Joshua Dysart's story, with art by a slew of artists, including Khari Evans and Mico Suayan, in "Harbinger: Bleeding Monk" #0 looks into the past (and the future?) to reveal the origins of the Bleeding Monk. This comic book is an origin tale in the true sense of the term, setting aside any and all current-day action in order to reveal how the character came to be where he is.
Dysart uses the Monk as the point-of-view character for the readers. After all, who better to introduce readers to a character than the character himself? The Monk's history spans centuries and thousands of miles, but Dysart never allows the reader to lose track of the Bleeding Monk, despite the chaos surrounding the character in every locale throughout the issue. The writer delivers a primer in existentialism and introduces the readers to the Monk's "thought-no-thought place." Alexander the Great and Toyo Harada make appearances as the Monk himself reflects upon events and consequences throughout his own history.
The art for this issue is delivered by a quartet of artists and their styles vary enough to be noticeably different from chapter to chapter throughout this issue. Colorist Ian Hannin holds all of the artwork together harmoniously with a vibrant, but somewhat reserved color palette. It helps that each style is more similar than dissimilar, one to the next. The time periods serve as road markers to the art switches, and also enable the story to keep beating. Mico Suayan draws the opening scene, which is heavily photo-influenced, if not straight-up photo-referenced. This scene features the invasion of Emperor Qianlong and is coated with detail and texture from Suayan. Khari Evans draws the crossing paths of Alexander the Great, Kyros and the Naked Lover of Wisdom, which truly serves as the defining scene in this issue. Rounding out the visuals before Suayan closes out the issue, Stephen Segovia depicts the invasion of Northeast Tibet in 1951 with shadows that are richer and more shape than light definition or texture.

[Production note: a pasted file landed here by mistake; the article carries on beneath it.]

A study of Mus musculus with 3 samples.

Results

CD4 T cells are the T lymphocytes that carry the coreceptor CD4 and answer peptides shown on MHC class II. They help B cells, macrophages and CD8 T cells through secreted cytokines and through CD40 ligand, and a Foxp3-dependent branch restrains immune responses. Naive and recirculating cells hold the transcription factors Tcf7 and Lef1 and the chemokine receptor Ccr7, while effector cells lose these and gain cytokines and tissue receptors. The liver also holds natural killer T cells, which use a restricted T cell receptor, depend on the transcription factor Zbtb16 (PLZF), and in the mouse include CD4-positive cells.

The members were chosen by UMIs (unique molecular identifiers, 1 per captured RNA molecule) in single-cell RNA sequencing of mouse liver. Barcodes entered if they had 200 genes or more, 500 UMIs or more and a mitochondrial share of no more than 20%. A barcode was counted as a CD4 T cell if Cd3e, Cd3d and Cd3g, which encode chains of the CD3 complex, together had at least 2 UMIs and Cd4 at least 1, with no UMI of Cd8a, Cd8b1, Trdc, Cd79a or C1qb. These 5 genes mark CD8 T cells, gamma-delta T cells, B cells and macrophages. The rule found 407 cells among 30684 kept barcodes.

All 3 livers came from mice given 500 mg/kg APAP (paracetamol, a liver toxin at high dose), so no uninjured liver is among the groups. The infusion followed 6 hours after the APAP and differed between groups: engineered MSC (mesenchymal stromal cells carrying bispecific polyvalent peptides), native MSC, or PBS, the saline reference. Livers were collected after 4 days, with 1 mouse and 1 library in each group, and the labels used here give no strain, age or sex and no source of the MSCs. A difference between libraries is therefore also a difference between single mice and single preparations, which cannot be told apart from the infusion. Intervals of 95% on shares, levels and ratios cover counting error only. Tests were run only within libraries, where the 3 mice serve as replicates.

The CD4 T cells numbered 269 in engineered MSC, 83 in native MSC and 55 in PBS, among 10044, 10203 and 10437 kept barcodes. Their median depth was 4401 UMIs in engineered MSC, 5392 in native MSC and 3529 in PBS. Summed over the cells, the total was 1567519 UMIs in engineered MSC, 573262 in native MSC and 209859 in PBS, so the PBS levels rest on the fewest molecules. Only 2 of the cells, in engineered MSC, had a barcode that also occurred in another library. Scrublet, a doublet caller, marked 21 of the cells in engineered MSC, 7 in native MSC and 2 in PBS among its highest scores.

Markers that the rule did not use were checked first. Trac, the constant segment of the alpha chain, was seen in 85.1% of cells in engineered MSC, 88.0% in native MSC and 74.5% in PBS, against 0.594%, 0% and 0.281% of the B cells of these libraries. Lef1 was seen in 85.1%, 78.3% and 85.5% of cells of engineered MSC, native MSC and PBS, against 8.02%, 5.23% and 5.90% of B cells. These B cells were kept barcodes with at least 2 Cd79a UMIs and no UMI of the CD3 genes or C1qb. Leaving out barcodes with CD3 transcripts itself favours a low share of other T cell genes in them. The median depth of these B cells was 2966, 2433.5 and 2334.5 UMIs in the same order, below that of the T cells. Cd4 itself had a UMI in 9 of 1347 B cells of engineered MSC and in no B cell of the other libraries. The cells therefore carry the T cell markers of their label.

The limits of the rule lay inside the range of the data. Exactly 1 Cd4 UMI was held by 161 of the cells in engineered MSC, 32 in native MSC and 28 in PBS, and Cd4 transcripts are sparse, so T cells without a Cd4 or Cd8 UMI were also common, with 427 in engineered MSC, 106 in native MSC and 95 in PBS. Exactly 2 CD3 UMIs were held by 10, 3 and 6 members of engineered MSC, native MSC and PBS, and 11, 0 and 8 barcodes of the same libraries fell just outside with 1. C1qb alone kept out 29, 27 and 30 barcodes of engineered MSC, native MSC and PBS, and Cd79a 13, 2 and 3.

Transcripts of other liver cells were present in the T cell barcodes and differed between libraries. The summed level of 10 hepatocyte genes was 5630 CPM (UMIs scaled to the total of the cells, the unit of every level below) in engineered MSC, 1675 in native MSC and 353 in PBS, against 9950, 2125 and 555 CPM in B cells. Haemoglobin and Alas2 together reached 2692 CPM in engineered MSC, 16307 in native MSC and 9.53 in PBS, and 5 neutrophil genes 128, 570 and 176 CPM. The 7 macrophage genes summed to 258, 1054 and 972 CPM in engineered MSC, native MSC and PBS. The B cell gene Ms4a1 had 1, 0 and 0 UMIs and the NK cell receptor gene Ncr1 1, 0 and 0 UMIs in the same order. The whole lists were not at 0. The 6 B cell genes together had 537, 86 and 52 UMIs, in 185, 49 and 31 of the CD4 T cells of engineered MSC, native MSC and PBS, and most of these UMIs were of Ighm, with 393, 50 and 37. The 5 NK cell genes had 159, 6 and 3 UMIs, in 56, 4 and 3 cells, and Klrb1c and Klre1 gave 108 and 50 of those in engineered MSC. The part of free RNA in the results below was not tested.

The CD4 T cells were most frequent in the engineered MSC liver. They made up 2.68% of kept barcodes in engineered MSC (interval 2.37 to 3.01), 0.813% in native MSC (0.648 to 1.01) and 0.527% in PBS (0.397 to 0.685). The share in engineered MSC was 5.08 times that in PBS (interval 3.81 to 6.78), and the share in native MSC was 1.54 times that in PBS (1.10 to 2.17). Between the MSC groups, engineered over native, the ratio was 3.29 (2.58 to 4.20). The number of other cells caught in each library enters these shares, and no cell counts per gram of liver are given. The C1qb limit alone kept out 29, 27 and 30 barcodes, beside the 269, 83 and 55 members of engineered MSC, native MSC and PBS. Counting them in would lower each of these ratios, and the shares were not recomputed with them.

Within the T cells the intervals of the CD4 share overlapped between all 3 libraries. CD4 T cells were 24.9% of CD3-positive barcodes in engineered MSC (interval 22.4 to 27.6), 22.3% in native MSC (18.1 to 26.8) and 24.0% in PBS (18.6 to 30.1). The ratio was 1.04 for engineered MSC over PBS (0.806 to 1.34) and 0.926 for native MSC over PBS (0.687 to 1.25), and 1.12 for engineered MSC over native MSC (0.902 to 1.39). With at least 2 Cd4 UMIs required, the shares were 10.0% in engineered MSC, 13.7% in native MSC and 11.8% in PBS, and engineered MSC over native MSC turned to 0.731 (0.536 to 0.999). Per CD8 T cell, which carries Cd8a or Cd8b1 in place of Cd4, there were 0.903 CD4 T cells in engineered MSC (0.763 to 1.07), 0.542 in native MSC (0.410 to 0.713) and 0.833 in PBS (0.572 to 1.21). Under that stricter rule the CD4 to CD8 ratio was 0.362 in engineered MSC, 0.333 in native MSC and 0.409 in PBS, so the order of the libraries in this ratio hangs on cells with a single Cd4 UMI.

At the end of "Harbinger: Bleeding Monk" #0, readers are left to ponder their own existence. Have they just read a comic or merely thought they read a comic while thinking about a comic book being read? While this issue is nowhere near that meta-reflective, it does incite readers to flip back to the beginning and digest the story once again. I'm not certain what ramifications this holds for the near future of this title, but it certainly does provide relevant insight to the origins of the Bleeding Monk and gives readers a milestone to return to as "Harbinger" carries on.